I’m playing a little catch up here. I’ve been taking the pastry course for a few weeks now, but decided only recently to blog about the experience. I want to give the backstory before I move on:
I have no formal training in cooking or baking. I differentiate the two because I consider these to be two very different skills. And to wit: there are chefs and there are pastry chefs. While I consider myself a fairly accomplished cook through years of self-learning, baking intimidates me. Baking, specifically pastry, eludes me and is missing from my kitchen repertoire. It was high time to get over the fear and add some pastry to my bag of tricks.
The course I’m enrolled in takes place at L’Academie de Cuisine, a professional cooking school in Gaithersburg, Maryland. I live in Arlington, Virginia. Why, why, why Gaithersburg of all places? If you are familiar with the D.C. metro area, you may be thinking this same thing, envisioning the traffic I endure on a weekly basis to get to a class that starts at 6:30 p.m. Right in the middle of rush hour…to go to Gaithersburg…from Arlington. However, this is really the only professional cooking school in the area with a class of this caliber, so c’est la vie!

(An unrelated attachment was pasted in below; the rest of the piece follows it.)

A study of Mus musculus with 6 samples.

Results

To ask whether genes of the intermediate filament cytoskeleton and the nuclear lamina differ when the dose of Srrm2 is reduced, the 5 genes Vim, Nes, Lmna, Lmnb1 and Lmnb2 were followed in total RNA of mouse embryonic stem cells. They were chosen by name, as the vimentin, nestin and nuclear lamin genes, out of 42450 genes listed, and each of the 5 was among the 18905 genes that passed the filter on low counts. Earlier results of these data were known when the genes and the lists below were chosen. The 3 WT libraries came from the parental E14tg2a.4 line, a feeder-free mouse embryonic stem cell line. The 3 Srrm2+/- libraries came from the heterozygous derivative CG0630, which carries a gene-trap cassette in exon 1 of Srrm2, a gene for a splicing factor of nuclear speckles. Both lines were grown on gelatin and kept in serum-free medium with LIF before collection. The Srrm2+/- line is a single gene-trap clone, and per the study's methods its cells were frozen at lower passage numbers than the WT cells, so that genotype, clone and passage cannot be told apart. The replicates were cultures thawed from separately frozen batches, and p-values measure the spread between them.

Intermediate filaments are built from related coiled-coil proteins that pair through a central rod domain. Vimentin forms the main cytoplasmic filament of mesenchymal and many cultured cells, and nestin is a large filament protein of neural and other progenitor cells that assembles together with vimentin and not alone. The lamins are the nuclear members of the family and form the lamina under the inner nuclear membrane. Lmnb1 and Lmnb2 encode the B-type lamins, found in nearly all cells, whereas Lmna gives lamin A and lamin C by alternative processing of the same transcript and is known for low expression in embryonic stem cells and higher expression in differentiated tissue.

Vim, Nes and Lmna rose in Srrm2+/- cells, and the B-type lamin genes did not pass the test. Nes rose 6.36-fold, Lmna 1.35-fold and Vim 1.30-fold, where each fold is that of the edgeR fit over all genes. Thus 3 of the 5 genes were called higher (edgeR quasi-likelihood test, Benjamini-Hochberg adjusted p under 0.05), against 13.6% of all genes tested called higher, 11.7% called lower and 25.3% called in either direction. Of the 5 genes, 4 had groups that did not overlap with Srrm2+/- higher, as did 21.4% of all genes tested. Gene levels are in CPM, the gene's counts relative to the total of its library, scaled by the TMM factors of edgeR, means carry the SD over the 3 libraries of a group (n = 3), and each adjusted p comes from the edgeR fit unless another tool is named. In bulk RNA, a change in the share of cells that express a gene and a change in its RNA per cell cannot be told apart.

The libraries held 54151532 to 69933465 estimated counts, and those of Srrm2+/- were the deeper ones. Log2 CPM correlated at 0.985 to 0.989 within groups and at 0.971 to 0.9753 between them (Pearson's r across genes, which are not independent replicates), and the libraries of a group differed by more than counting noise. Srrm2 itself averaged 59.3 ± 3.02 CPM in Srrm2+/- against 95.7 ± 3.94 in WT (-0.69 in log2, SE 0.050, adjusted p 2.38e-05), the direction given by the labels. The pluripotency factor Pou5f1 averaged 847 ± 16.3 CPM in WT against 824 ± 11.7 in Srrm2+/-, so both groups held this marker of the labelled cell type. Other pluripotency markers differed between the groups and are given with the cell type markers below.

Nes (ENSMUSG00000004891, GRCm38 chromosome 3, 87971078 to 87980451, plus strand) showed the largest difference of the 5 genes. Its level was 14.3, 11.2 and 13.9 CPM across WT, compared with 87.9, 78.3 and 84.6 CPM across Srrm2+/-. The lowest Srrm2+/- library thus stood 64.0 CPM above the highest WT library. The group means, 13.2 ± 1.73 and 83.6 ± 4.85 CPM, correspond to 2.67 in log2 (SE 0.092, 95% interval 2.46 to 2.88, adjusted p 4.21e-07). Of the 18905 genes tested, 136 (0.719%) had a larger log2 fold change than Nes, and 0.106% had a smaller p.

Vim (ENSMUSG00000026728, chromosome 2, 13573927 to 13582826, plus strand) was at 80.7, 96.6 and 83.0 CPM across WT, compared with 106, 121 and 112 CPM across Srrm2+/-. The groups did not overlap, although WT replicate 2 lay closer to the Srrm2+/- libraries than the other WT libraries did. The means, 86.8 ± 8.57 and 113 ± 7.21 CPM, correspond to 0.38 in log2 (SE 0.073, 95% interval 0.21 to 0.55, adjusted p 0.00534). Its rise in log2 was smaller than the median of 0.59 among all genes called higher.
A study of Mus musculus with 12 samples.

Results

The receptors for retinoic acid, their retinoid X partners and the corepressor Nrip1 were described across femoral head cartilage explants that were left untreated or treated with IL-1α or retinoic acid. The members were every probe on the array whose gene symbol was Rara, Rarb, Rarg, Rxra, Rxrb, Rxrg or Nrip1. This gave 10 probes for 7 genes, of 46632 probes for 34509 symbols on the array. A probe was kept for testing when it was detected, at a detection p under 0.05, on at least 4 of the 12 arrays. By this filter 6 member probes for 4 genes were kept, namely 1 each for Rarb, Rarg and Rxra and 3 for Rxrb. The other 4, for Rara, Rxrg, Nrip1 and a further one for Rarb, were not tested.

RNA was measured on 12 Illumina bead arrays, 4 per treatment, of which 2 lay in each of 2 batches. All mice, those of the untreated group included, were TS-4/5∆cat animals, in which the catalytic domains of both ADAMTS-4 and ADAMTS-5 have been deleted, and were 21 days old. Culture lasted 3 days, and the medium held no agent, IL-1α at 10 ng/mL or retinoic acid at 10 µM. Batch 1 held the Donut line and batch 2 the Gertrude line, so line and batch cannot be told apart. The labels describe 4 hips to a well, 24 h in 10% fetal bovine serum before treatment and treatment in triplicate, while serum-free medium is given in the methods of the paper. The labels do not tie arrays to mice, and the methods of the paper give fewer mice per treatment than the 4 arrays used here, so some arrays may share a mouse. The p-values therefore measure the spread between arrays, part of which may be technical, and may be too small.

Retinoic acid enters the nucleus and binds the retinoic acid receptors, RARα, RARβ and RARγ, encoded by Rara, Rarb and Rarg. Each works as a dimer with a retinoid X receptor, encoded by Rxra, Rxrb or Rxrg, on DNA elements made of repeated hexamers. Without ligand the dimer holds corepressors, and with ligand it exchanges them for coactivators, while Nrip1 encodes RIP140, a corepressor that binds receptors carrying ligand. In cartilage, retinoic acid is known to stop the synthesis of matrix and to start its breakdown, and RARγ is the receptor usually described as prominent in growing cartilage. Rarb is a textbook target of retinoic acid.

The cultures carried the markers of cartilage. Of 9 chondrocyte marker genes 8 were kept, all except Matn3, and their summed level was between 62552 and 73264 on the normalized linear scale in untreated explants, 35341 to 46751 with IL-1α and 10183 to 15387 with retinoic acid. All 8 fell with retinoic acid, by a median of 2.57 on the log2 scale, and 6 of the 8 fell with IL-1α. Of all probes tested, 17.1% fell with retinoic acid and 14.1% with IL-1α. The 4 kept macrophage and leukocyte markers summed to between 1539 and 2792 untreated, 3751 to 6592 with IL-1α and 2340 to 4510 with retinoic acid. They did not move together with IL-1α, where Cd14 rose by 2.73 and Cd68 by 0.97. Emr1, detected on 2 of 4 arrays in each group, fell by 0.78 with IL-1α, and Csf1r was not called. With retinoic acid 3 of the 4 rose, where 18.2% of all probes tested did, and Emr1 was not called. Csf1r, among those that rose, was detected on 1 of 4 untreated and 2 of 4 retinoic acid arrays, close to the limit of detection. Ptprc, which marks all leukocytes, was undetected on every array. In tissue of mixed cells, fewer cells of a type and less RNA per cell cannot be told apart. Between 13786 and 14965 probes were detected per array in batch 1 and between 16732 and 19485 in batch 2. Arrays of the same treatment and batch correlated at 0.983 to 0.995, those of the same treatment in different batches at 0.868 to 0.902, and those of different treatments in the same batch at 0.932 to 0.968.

The course is taught by Chef Mark Ramsdell who worked formerly for many years as a pastry chef at the White House (as in where our presidents live). There are 16 students in my class, including me, and it’s only women. And a male instructor. I’m not sure what to make of these demographics, but perhaps a future post on sexism in the pastry world? Although, most of the great French (and other) pastry chefs are men. So why are there only women in my class? Hmmm. I need to think about this.
Continuing on, the course objectives as outlined on the first day of class are: Basic Doughs and Preparations; Basic Techniques; and Classic Applications. I could also tell you the specific topics I’ll be learning, but I’m not going to do that. That’s what each post will be about – what I’ve learned each week and my homework efforts.
I think that’s it for the backstory. The stage is set.